CofC board seeks approval to offer doctorates

By Ashley Barker
Published March 25, 2014

In addition to selecting a new president Saturday evening, the board of trustees at the College of Charleston also discussed the proposed merger with the Medical University of South Carolina.

In a statement of position, the board agreed it has an obligation to “preserve and protect the college’s identity,” including retaining “‘College of Charleston’ as the undergraduate name of this institution.”

Legislation has been introduced to merge the College of Charleston and the Medical University of South Carolina.
Legislation has been introduced to merge the College of Charleston and the Medical University of South Carolina.
(Photo provided by the College of Charleston)
The board also requested authorization to offer targeted doctoral programs to help meet the economic development and research needs of the Lowcountry.

“The board understands that any expansion of the college’s research and academic activities, including new degree programs, will require additional financial resources, along with careful planning, the support and approval of the college faculty and administration, and the support and approval of the Commission on Higher Education,” the board statement said.

Members of the board also decided to commit to meeting the needs of the economy by “facilitating greater research activity at the college and, where appropriate, developing new academic programs to include new graduate programs.” However, the college’s commitment to the undergraduate liberal arts and sciences, as well as the “student-focused community” will be maintained.

The board also agreed to continue to support “existing collaborations and pursue new collaborations with other higher education institutions.”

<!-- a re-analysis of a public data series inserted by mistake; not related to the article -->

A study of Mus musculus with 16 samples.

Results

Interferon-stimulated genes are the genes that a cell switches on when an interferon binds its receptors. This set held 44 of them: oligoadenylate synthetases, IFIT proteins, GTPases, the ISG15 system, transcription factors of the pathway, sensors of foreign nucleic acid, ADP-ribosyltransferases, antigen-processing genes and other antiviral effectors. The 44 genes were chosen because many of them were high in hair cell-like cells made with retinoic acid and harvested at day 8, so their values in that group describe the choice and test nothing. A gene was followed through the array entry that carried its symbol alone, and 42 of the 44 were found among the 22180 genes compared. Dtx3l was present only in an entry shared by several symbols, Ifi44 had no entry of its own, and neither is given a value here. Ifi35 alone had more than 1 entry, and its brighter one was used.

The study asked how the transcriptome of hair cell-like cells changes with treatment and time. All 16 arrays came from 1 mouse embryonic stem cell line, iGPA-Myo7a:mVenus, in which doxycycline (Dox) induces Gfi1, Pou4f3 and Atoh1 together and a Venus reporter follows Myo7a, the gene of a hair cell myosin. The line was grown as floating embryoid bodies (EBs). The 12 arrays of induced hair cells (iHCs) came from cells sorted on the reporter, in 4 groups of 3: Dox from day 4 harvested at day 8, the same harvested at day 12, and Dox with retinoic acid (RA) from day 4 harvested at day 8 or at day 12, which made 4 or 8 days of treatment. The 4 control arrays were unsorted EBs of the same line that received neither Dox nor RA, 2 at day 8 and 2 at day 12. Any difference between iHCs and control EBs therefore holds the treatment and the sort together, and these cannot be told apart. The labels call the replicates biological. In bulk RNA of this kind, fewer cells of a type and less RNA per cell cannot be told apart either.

House bill 4632 and Senate bill 1021, known as the Charleston University Act, were introduced earlier this year. They call for CofC and MUSC to become one research university before July 1, 2016.

Saturday was the first regular meeting of CofC’s board since the two bills were introduced, according to board Chairman Greg Padgett.

“Today the board has taken the important step of affirming the importance of the college’s identity, traditions and undergraduate teaching mission, while also affirming the importance of meeting the economic development and educational needs of our community, region and state,” Padgett said.

In February, MUSC’s board of trustees unanimously passed a resolution in opposition to the proposed merger. Board member Michael Stavrinakis — brother of Rep. Leon Stavrinakis, who introduced the House bill — abstained from the vote.

MUSC leadership said other options for collaboration would be less costly, more effective and would preserve the missions, cultures and reputations of both schools.

McConnell to push for University of Charleston

After the board meeting, soon-to-be-president Glenn McConnell said talk of a merger gives the college a chance to revisit the University of Charleston, an institution already within CofC that could be used to create new graduate courses.

“We have an opportunity to use that as a platform to engage in advanced studies and collaborations with other universities,” McConnell said. “The College of Charleston doesn’t need to be absorbed. It can remain a vibrant college and can also be a place for the University of Charleston.”

McConnell said advanced degrees and expansion of the current curriculum could fall under the University of Charleston while the liberal arts core would remain for CofC.

“We have to be open to that; we have to be open to change,” he said, adding that the format of Claremont Colleges in California is something he is watching closely.

“We need to build a consortium of collaborations with other colleges like they do,” McConnell said.

Reach Ashley Barker at 843-849-3144 or @AshleyNBarker.